We plan to spend the winter months in the San Blas Islands, located on the northwest coast of Panama, in the Caribbean Sea (more to come).
The islands are remote and primitive, so Scott and I have gone into “food panic,” buying as much as we can stuff onto this poor boat. The consensus is that there are veg boats (with iffy produce and uncertain selection), and locals selling bread, fish and lobster; aside from that, you’re on your own.
While we were in Bocas, and familiar with stores and stock, Scott and I took the Aluminum Princess on a provisioning run from Red Frog Marina to Bocas Town. We tied to the small pier outside The Pub restaurant, having been told that the expat owner was friendly to cruisers.
Once in town, we hit the ground running. Our first stop was to one of the larger hardware stores, where we emerged with miscellaneous items for Scott, and a huge trash bag full of paper towels and toilet paper. From there, we went to Super Gourmet, who stock hard-to-find and specialty items from the U.S. After that, our two regular grocery stores, ending at Isla Colon, owned by our new friend, Felix.
As we checked out, with two carts full of items, in addition to the pile of stuff we’d lugged in with us and the stack of beer and sodas that Felix had brought out from the back, the girl behind the counter offered to have our pile of stuff driven to wherever we needed to go. Our plan was to take a taxi back to The Pub, but a free ride was even better!
In no time flat, a pick up truck pulled up in front of the store, and three men loaded our endless packages into the back, bucket brigade-style, tossing our heavy items in the air to each other; Scott tried to help, but was politely squeezed out. We’d asked the counter girl about tipping, and were told, “Nothing. This is a service that we provide, free of charge. No tip is necessary.”
Once all of our things were loaded into the bed of the truck, Scott and I hopped inside, into the frosty-cold, air conditioned truck (it was only a three minute ride, but any a/c is good a/c); all of the “loaders” got in as well! As an added treat, the driver serenaded us in Spanish for the short ride, much to the chagrin and groans of his co-workers.
Once at The Pub, all three men got out with us to unload. Scott and I were barely able to grab a bag, as the caravan of Isla Colon employees made it’s way through the restaurant and out onto the pier where we prepared to load the Aluminum Princess ( for a moment, the restaurant owner thought he was getting a forgotten order delivered). The three made two quick trips with our things, and then smiled and waved us goodbye. Wow.
Now that the heavy lifting was done…literally, Scott and I quickly loaded up the Princess, and then took time to have lunch. We were hungry, and wanted to give a show of appreciation to the owner of The Pub, for allowing us to use his pier and haul our things through his restaurant.
After recharging with food and drink, we made our way back to the marina and unloaded everything onto Sea Life.
We then got to work finding space for everything, beginning with loading up the area under the couch. The sleeper sofa in our saloon has been “gutted,” allowing for a huge amount of storage space. I resisted at first, but am now so grateful for all of that room!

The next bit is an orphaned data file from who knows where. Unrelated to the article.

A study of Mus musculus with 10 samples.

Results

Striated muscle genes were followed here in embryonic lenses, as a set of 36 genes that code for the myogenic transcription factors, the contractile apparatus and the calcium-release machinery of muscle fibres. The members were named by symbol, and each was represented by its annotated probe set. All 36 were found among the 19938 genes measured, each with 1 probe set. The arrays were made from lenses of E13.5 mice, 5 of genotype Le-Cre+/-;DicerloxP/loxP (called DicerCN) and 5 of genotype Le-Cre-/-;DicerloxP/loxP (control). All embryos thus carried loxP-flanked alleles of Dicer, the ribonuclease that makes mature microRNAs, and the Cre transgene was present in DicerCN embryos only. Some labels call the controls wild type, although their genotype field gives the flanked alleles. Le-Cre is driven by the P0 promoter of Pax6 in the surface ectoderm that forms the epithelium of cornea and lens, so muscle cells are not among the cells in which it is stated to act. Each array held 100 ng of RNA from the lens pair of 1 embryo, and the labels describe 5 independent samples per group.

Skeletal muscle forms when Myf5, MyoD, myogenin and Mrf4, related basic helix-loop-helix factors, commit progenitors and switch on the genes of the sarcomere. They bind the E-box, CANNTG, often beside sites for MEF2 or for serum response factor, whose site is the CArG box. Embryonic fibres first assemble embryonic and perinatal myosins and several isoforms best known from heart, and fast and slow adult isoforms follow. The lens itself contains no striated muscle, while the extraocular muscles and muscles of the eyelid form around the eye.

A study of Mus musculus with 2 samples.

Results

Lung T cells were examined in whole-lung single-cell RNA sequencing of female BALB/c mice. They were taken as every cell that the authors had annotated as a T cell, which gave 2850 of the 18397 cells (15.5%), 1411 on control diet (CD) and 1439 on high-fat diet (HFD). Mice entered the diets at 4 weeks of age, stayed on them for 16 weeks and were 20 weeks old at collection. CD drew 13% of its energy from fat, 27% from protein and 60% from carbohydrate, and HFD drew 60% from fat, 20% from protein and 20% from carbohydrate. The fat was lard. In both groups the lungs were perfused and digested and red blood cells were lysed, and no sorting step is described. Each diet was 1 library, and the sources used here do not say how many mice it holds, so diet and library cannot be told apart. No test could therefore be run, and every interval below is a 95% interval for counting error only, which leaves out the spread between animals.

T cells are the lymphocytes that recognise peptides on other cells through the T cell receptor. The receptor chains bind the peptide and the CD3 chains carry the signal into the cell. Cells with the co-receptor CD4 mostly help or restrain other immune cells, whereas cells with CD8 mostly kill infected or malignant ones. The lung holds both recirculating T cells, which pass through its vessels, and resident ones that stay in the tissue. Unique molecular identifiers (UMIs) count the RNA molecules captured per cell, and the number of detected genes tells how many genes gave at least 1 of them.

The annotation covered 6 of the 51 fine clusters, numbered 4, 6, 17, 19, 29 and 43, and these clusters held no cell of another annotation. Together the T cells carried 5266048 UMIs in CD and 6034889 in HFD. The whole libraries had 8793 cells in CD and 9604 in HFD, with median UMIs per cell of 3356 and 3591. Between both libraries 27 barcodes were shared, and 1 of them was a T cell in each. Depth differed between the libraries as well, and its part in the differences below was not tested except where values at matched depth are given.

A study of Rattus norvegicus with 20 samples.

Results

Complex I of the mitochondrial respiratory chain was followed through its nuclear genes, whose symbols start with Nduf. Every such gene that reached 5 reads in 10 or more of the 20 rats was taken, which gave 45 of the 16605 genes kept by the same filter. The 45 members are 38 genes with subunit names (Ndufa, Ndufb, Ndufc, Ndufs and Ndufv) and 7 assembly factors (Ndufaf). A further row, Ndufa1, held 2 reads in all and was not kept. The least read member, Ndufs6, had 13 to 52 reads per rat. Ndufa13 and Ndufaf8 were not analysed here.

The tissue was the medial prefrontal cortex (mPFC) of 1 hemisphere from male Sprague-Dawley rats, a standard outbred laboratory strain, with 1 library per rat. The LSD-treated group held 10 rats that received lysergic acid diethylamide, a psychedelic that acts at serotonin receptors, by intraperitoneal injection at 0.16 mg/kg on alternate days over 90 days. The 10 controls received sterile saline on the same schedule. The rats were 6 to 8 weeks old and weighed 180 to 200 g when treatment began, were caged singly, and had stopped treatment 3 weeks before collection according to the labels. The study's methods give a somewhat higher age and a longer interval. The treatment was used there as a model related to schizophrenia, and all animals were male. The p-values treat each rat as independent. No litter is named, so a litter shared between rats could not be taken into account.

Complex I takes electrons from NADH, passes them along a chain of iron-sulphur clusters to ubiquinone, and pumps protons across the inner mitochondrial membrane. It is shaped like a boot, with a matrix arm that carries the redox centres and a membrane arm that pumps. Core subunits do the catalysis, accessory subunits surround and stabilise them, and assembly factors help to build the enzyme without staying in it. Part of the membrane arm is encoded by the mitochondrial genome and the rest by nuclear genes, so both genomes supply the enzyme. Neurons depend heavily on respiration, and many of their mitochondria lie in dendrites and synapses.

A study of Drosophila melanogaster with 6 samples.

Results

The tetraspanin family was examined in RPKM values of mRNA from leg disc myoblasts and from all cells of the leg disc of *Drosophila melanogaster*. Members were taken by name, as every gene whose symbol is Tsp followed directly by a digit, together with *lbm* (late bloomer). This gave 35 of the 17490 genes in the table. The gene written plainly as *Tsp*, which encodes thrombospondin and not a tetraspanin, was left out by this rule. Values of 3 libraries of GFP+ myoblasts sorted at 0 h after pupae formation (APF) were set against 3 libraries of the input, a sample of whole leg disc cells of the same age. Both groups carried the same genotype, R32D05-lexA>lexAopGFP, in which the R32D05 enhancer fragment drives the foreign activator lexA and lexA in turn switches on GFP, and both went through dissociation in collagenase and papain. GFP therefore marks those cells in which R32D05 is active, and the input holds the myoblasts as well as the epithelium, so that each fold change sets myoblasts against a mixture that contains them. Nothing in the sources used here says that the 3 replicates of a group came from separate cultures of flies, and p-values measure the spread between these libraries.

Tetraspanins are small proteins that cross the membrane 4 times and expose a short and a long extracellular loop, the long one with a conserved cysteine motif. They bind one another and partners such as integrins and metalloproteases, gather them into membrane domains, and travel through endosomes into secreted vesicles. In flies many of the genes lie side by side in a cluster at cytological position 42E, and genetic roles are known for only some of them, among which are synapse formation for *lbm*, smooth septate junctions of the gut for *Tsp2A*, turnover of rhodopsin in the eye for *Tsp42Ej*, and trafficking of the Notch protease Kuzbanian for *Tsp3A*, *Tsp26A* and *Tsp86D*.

I also resisted keeping a log of our food and toiletry stores, but have since come around to the idea. It’s much easier to zero in on where something is, and keep track of what we have, if it’s all written down.
By the way, when you panic about stocking up on food, this is what happens. I’d forgotten to buy spreadable butter, and Scott offered to go back and get it, saying that he’d seen some in Isla Colon. When I unpacked everything, here is what he’d bought.
Notice the amount…..five pounds! Seriously, it’s huge; I measured the stupid thing, to make sure it would fit in the fridge! (it just fits)
Once the couch was stuffed full, we crammed the tower of sodas and beer into the guest stateroom, along with bottles of wine and bags of flour, sugar and rice.
Various things were placed in plastic bags or tupperware containers, and stored in the lazarette, up on the flybridge and in bilge areas. After that, any remaining items were jammed into any cabinet or closet that had an available nook or cranny. Sea Life just kept “swallowing it up,” as Scott likes to say. She’s full to the brim, and we’re heavy in the water.
In addition to and inordinate amount of canned goods, paper towels, toilet paper and various liquids, we’re stocked up on dry goods (pasta, instant potatoes, Bisquick, crackers, spices, etc.), jarred sauces, candy, snacks, cheese, BUTTER, all types of frozen meat and various other refrigerated and frozen items.
We’ve also filled up on as much ice as room will allow. Scott’s anxiety for running out of this precious item is off the charts. He loooves his ice, and we won’t be able to buy it in the San Blas. We have an ice maker onboard, but running it on our batteries for a day yields enough to make two drinks; he’s panicked.
So we’re as ready as we’re going to be, for three or so months of off grid/grocery store living. If we starve, it’s our own fault. Who knows, maybe we’ll open our own San Blas grocery store!
“Shells Sink, Dreams Float. Life’s Good On Our Boat!”